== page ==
So says the author of a recent story in US News & World Report, which prominently featured sixth grade teacher Bill Ferriter, whose widely read blog The Tempered Radical is hosted here on the Teacher Leaders Network website.

The US News story is headlined “Blogging from the Classroom, Teachers Seek Influence, Risk Trouble.” In it, reporter Eddy Ramirez wrote:

Although generally dismissed by school administrators as “faculty bathroom graffiti,” teacher blogs, including those that are written anonymously, are becoming essential reading for anyone who wants to look beyond standardized test score reports to see what’s really going on in schools.

In its Web Watch column, Education Week referred to this phenomenon as “The Rise of Teacher Bloggers.” We’d also describe it as one important factor in the rise of teacher leadership on the American scene. With the emergence of the blogosphere, teachers with smart ideas and a little gumption no longer have to seek permission from higher-ups to have a voice about teaching practice, school management or education policy.

We’re proud of TLN’s role in promoting the idea that teacher bloggers have on-the-ground knowledge and understanding worth paying attention to. It’s true that web watchers must sort through the blogpile to discover teachers who are not just disgruntled but write from a vision of what could be. But that’s the case in every professional sector where blogging is prevalent (and is there a sector these days where blogging is not?).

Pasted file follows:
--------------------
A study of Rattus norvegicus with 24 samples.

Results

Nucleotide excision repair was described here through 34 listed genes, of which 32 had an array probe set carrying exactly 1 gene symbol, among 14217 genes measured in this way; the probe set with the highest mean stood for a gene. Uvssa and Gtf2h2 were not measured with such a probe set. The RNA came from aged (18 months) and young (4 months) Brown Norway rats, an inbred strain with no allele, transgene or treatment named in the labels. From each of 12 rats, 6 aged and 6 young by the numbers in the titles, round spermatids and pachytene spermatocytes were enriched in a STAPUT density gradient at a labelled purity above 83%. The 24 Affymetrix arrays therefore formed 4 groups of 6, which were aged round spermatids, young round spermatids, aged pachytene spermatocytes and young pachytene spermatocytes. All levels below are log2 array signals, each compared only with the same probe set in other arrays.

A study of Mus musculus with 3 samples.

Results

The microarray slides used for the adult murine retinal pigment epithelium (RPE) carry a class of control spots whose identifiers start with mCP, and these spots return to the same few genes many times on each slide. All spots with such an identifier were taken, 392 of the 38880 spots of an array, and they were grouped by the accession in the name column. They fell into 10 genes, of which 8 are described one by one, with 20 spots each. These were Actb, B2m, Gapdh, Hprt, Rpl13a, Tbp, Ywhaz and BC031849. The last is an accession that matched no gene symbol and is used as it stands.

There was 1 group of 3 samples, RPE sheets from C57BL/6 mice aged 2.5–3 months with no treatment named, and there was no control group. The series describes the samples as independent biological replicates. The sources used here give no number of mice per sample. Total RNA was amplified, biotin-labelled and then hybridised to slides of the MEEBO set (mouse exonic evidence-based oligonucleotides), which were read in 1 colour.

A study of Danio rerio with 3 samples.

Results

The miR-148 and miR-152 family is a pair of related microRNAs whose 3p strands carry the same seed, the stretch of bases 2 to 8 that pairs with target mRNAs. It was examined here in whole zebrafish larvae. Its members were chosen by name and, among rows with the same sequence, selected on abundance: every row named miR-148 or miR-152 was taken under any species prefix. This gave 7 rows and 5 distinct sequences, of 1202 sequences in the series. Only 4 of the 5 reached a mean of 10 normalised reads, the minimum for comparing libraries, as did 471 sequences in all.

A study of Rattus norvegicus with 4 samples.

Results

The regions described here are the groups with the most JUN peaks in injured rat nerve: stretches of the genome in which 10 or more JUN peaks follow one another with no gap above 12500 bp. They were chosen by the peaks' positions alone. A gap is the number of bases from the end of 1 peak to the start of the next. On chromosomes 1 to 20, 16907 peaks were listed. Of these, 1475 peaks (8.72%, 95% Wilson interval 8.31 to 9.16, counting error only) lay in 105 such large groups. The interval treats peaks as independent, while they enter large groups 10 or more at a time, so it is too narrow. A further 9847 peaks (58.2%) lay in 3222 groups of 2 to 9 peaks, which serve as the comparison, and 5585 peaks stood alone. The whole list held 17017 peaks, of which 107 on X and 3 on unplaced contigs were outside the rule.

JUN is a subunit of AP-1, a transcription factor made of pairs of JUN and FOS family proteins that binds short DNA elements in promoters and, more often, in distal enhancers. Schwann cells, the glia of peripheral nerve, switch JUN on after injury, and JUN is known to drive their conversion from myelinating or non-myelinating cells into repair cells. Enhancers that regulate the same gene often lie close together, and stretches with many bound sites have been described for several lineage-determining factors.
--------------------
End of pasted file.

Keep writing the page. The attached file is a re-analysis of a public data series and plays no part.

Currently, TLN supports six teacher-authors who include the TLN logo on their blogs. Here on our website, Ferriter is joined by Nancy FlanaganRenee Moore and Ariel Sacks, who have all earned national recognition for their insights and authentic voices. The same can also be said for Anthony Cody and Susan Graham, who blog at the Teacher Magazine website under the TLN “brand.”

In addition, our TLN Teacher Voices community blog features dialog excerpts from the ongoing daily discussions of our national virtual community of expert teachers. The nearly 300 excerpts posted thus far represent one of the largest samples of thoughtful teacher opinion about practice and policy available anywhere on the World Wide Web.

Not long ago we received this note from the director of a prominent national education coalition: “It’s clear that the TLN bloggers are making some of the most substantial contributions to the blogosphere. They write with more perspective and much less ego than so many of the think tank bloggers.”

Bill Ferriter said this to the US News reporter: “”I’ve learned how to represent the challenges of teaching in a way that has resonance but that doesn’t necessarily turn policymakers off. I don’t want to burn any bridges.”

Perhaps what we are experiencing is not so much a Rising as a Maturing. The best teacher bloggers are no longer satisfied to simply vent their frustrations about misguided education policies. They’re ready to openly talk about the complexities of teaching and learning. They’re ready to risk putting their own ideas and solutions on the policy table.